Matt Nolan, an economist, muses about love, marriage, “good enough” and the theory of the firm.
Pascal Bruckner muses on the fashion for apocalyptic thinking:
What is surprising is that the mood of catastrophe prevails especially in the West, as if it were particular to privileged peoples.
It wouldn’t be surprising to anyone who has read Norman Cohn’s great The Pursuit of the Millennium: revolutionary millenarians and mystical anarchists of the Middle Ages, which is one of the best books I have ever read.That’s enough musing. Paul Litterick sentence of the month:
Mirror mirror on the wall, who is the wankiest of them all: Sting or the people who write about him on Wikipedia?Stuff informs us that men are dumber around women and illustrates the story with a pic of George Clooney.
English writer Terence Blacker looks forward to the Olympics. As Mona Lott used to say, it’s being so cheerful as keeps him going.
Chris Bell, who is both author and techsmart, generously shares his knowledge about publishing e-books. There are people who charge for this stuff, and Chris is better.
Brilliant cartoon from XKCD showing real lakes and ocean depths. Fascinating, and worth exploring for the hidden jokes and for the “Russians are awesome” line about the Kola borehole.
Brian Sewell is an English art critic of a certain age and a certain disposition. My painter friends will be horrified by my confession that I have always enjoyed his writing. I did know that he spoke in the most affected accent ever, one that makes the Queen sound common, but had no means of sharing this. Until now. Don’t miss the second page. Click fast enough on different links and you get a wonderful sequence that makes as much sense as most contemporary art criticism. Try his “Liverpool” and “Hungarian art”. Then “White eunuch” and “Sliced cucumber”, in that order.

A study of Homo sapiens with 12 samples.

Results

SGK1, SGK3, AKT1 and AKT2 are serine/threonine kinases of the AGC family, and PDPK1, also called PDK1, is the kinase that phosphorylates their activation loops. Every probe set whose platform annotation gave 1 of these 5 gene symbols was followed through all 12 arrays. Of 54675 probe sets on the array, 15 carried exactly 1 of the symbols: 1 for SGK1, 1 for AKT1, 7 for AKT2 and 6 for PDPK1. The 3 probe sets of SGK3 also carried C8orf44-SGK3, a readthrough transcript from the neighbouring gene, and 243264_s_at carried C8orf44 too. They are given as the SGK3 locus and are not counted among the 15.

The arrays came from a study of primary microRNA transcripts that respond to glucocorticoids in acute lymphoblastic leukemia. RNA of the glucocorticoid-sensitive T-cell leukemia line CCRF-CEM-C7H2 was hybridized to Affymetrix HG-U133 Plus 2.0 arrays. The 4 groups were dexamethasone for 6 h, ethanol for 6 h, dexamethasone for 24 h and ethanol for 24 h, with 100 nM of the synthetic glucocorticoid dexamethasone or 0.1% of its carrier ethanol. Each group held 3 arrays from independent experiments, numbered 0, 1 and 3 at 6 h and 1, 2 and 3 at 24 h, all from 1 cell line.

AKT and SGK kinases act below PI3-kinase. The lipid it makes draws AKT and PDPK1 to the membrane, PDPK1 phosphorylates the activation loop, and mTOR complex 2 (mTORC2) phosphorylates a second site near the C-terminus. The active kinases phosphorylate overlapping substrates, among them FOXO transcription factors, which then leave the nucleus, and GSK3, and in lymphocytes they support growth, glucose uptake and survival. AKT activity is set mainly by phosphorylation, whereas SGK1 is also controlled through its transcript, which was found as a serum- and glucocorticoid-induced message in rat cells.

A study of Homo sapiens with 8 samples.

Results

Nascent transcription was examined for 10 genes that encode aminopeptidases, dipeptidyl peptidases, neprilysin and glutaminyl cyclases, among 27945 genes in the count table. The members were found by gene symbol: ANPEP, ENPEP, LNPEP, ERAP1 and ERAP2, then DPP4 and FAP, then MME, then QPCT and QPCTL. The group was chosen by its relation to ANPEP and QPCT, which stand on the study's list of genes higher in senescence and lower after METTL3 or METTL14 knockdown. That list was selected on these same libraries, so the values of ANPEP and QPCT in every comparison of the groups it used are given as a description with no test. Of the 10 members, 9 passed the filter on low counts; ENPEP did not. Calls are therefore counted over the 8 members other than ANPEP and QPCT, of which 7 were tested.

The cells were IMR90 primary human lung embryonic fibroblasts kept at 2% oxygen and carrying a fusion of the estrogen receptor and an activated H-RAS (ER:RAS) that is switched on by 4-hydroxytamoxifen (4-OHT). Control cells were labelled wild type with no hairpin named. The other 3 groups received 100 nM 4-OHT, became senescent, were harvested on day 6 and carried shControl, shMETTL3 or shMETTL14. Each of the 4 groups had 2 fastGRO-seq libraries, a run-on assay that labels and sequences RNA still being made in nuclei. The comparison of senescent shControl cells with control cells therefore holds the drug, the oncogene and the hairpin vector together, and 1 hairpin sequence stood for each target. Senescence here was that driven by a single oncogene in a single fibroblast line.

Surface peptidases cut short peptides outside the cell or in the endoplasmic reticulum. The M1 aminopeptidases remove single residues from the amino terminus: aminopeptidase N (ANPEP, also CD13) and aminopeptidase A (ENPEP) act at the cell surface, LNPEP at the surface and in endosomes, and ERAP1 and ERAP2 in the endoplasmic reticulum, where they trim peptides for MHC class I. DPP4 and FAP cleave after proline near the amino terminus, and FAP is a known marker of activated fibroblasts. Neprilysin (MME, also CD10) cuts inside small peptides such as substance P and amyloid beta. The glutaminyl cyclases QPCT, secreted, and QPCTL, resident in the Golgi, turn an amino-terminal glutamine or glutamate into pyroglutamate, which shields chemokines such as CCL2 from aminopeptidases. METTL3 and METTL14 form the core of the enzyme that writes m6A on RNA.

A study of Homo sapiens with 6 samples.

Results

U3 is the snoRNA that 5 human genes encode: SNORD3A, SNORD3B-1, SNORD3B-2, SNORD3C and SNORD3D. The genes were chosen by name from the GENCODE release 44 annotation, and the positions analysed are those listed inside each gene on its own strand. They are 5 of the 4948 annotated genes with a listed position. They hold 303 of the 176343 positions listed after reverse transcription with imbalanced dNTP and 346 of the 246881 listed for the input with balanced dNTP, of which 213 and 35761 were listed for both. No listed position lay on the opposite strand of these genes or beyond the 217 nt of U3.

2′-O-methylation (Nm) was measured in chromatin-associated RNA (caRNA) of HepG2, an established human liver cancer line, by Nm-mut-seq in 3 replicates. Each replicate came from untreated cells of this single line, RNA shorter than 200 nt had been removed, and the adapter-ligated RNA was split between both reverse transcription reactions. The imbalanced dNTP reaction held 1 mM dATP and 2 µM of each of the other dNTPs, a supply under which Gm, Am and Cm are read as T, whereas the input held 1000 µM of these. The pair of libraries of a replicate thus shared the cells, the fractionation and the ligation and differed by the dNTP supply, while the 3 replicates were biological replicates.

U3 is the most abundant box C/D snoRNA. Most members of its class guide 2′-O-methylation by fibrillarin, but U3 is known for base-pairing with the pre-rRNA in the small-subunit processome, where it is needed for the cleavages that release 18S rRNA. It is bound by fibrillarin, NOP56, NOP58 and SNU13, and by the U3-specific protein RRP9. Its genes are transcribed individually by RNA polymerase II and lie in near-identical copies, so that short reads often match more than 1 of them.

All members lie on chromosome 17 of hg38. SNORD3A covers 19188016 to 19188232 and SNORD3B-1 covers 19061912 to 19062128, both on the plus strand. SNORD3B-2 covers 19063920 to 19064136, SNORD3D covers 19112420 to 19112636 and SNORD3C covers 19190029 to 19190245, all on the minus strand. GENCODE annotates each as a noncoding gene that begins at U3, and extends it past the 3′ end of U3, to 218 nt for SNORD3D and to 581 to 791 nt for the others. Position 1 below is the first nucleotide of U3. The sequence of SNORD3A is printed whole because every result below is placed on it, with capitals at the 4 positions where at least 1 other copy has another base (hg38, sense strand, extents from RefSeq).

Finally, a writer’s worst nightmare: English author and Private Eye journalist Francis Wheen has lost his library of 5000 books, his CDs, his old vinyl, letters from friends such as Christopher Hitchens and his work in progress, the novel he has been writing for the last year, all because his shed blew up. He was laid low last year with a bad back so this piles Pelion on Ossa (Virgil has it the other way round [at 276]) but Wheen is philosophical about it:
Now, in the absence of books or records to entertain himself, he would simply “sit in the lotus position and contemplate the four noble truths”.
Despite apparently remaining upbeat, Mr Wheen, 55, admitted that the past few months had been difficult. He is currently suffering from spinal problems and was laid low with a “ghastly virus” on Saturday which left him “throwing up all over the place”.
“I’m going to read the Book of Job to find out what happens next,” he said. “Is it the plague of locusts? Or will I have my camels and oxen taken from me?”I won’t quote from his Facebook page because we all know how private FB is, but his responses to condolences from friends and strangers have been lovely. Grace under pressure, in extremis. You can hear him talk about it all here on BBC4. On a more positive note he is also in the Guardian being amusing about modern delusions.